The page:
Tradition versus change. Obedience versus conflict. The tangible versus the mysterious. Paul Baumann, editor of the Catholic magazine Commonweal, opened his talk in the Nott Memorial this past Thursday with an examination of the conflict between Christianity and the news media.
Baumann was appointed editor of the traditionally liberal-minded magazine, which is managed by people of the Catholic Church. As editor, Baumann works to bring perspectives from outside of the ecclesiastical hierarchy to show how religion maintains its importance and applicability in modern times, despite the inherent incongruity between religion and journalism.
Baumann made a case for the continued relevance of religion in everyday life by reminding his audience that the news is concerned with quick facts and the fads of the moment. In contrast, religion is based upon considered opinions and truths that have been subject to theological scrutiny for centuries. As such, he believes that religion should not be so easily discounted.
In modern times, Baumann sees that even the foundations of traditional religion are being shaken. Today, there is a more fluid religious landscape, which Commonweal magazine attempts to represent. Instead of showing a close-minded portrayal of only one sector of the spectrum of opinions, Baumann and his magazine examine issues and views outside of their own faith community.
Moving beyond these restricted boundaries also fosters a mutualistic relationship between the religious and secular world – the two worlds that the Catholic magazine is forced to reconcile.
On the one hand, the church can learn about the ideals of having institutional transparency. On the flip side, Baumann believes secular institutions can learn respect for traditional and familial values.
While tradition is often perceived as the enemy of a liberal-minded society, Baumann attempts to dispel the misconception that religion and secular institutions cannot coexist harmoniously through the more liberal viewpoints that Commonweal conveys. Indeed, Baumann and the Commonweal team are trying to convey just the opposite.
In Baumann’s estimation, the heart of the Catholic faith is characterized by a challenge to religious complacency, meaning that one’s faith challenges the practitioner to not just to accept the church’s beliefs as absolute truths. The magazine attempts to show that religion is meant to encourage its believers to question their motives in practicing their faith in order to reach a greater and introspective understanding of Catholicism as it relates to their own individuality.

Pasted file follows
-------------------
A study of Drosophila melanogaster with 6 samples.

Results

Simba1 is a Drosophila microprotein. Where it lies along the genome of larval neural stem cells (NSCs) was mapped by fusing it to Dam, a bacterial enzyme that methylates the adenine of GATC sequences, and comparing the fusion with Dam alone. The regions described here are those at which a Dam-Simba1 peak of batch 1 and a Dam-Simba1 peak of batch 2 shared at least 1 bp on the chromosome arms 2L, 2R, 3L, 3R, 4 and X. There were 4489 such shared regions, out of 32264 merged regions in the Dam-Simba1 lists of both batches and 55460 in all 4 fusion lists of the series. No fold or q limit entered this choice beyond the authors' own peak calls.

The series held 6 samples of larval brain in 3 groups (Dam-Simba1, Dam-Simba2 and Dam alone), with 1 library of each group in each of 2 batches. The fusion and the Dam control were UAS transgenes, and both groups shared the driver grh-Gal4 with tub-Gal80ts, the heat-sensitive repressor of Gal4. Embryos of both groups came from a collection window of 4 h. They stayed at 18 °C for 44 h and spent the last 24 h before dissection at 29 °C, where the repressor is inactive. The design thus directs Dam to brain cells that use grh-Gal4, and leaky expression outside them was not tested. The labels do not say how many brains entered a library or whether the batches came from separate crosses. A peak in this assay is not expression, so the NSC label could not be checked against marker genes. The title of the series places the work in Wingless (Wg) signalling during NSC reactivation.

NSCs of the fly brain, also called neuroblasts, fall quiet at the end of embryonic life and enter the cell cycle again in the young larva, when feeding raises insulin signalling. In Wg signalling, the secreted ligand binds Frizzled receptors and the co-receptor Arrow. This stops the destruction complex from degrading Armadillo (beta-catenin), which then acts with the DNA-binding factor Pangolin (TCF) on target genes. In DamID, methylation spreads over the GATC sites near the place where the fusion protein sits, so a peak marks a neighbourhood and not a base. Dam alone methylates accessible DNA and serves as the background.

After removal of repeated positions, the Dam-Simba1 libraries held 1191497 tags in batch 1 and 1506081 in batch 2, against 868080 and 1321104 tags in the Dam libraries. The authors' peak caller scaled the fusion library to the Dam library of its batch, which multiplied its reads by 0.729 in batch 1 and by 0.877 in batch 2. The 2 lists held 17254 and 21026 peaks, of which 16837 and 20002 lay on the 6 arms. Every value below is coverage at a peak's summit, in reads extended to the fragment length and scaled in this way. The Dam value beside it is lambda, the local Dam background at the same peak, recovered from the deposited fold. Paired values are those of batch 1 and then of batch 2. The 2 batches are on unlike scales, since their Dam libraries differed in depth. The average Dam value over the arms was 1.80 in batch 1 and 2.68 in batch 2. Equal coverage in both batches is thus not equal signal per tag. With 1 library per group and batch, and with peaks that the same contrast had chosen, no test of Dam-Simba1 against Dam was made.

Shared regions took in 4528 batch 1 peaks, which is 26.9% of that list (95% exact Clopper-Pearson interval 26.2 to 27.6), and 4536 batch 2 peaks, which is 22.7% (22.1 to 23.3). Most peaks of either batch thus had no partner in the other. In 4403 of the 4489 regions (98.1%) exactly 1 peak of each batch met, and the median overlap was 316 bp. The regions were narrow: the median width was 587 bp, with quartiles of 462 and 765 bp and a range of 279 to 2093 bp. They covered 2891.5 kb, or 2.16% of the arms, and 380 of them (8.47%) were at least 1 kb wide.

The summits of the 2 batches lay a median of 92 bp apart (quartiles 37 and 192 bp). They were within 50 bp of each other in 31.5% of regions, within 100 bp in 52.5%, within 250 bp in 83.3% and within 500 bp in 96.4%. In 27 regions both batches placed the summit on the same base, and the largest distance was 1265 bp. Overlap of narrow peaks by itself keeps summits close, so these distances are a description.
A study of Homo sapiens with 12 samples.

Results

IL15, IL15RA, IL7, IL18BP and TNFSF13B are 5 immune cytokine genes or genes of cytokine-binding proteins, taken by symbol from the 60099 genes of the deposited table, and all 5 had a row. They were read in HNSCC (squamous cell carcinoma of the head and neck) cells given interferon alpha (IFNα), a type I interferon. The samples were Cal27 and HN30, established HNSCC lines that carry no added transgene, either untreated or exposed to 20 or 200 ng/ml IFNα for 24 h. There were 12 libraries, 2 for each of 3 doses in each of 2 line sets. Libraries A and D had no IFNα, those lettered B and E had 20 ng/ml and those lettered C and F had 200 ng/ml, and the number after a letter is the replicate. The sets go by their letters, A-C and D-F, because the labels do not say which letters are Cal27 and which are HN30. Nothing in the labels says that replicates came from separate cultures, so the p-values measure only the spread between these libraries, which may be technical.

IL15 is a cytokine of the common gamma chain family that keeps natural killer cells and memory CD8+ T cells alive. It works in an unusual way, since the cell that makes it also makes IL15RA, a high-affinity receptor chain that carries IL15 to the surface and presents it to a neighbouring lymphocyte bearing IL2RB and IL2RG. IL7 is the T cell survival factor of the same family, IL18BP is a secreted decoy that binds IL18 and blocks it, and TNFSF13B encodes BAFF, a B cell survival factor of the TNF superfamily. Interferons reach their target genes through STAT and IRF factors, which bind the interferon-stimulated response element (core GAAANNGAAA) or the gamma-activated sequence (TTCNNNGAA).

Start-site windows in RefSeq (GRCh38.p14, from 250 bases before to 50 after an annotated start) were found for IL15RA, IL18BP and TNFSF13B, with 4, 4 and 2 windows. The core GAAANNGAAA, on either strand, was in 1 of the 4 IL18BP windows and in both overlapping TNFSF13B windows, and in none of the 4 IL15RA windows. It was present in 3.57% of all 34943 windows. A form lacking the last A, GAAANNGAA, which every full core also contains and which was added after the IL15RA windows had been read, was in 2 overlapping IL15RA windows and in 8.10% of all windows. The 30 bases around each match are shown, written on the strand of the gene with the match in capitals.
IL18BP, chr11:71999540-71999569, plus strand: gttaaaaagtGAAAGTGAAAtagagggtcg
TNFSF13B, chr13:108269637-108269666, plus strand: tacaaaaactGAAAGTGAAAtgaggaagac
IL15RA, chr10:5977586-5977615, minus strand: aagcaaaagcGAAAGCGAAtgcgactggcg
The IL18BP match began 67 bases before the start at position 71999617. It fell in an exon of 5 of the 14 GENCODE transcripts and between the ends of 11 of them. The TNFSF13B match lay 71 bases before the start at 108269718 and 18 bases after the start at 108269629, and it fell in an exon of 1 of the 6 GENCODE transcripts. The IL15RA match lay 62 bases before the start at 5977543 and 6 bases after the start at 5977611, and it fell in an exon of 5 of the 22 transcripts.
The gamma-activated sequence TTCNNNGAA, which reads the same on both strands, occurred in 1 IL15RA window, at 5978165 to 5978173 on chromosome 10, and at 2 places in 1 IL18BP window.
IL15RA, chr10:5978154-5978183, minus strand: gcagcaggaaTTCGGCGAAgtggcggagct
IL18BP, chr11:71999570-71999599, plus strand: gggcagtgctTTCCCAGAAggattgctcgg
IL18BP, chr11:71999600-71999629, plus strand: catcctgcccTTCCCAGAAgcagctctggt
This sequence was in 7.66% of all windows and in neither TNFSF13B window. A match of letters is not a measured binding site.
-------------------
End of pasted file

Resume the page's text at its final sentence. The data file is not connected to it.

Another myth that Baumann attempts to dispel through Commonweal is the idea that religion judges outsiders from the faith harshly. He argues that while the Catholic faith is forgiving, it judges its believers most harshly by challenging them to uphold high standards of the faith.
In fact, Baumann argues that the secular world has become complacent, allowing prejudices and injustices in society to be perpetuated.
While emphasizing a commitment to religious values in Commonweal, Baumann also made a pledge to uphold high standards of journalism. As editor, he tries to avoid predictable plotlines, noting that every story has two sides. In this way, he emphasizes that issues are not merely black and white, but rather different shades of grey. Seeing as how the world and its issues are not one-dimensional, journalism should reflect that complexity.
Ultimately, the joint goal of Baumann and Commonweal as a whole is to demonstrate the value of religiously informed thinking, even for those who reject religion. While everyone is entitled to their own perspectives, differing ones should not be ignored or, even worse, blotted out. As most current media outlets happen to be left-leaning, religious thinking might seem odd to some, but for the sake of a stronger press, it might be time to incorporate it.
Through its seemingly unconventional methods, Baumann and his team exemplify the values of the Catholic faith by having Commonweal focus on inclusivity and turning common misconceptions on their head.